John Dougan

The questions need to be more sophisticated and asked by people who understand brain injury

John Dougan found the Personal Independent Payment assessment was ‘completely inadequate’ at measuring the impact of his brain injury.

John, 57, from Rotherham, sustained a traumatic brain injury in a road traffic accident in 1995.

The accident left him with a number of issues including fatigue and problems with his memory.

Here he shares his story as part of our Right First Time campaign.

John’s complex brain injury was assessed by an Ambulance Technician in 2014.

He says despite important points which needed to be fully explained, she didn’t allow any answers to be expanded upon, and seemed to be simply following a script, regardless.

He said: “No-one really explained to me what was going to happen and the whole experience was very impersonal.”

There was clearly a strict script she was working from and she barely looked up throughout the whole meeting. I didn’t feel there was much compassion or understanding at all.

“The questions asked were very closed and she didn’t give me a chance to explain. She didn’t take the time or give me the opportunity to expand on anything.”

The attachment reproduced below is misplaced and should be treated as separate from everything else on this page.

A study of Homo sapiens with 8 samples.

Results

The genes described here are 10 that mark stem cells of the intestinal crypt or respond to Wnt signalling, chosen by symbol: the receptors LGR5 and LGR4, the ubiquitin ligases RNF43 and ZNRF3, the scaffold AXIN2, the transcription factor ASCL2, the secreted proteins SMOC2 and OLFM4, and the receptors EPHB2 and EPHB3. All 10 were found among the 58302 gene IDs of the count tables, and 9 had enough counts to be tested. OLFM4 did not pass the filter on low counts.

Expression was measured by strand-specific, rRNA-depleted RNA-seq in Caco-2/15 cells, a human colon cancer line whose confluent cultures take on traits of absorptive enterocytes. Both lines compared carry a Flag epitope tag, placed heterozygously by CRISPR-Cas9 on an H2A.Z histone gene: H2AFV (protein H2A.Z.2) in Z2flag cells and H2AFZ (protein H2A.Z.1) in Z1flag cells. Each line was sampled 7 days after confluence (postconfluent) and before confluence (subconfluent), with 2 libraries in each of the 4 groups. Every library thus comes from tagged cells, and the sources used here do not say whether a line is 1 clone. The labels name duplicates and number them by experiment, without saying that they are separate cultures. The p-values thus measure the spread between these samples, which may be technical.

“For instance, one question was ‘can you make a cup of tea?’ which I can. But I didn’t get the chance to explain that I often forget I put the kettle on, or forget that I had a cup of tea five minutes earlier, or believe I’ve already had one when I hadn't

“I know how to make a meal, but I can’t be trusted to use the oven as I often get distracted and have left the gas on so many times – it is just too dangerous.”

Although John successfully qualified for the payment, he is anxious about being reassessed in the future.

John said the assessment needs to have a wider scope and be done by a specialist in brain injury.

He said: “The questions need to be more sophisticated and asked by people who understand brain injury enough to be able to dig a little bit deeper, to get to the real impact. The assessment doesn’t reflect the reality of the person who may be depending desperately on a fair decision.”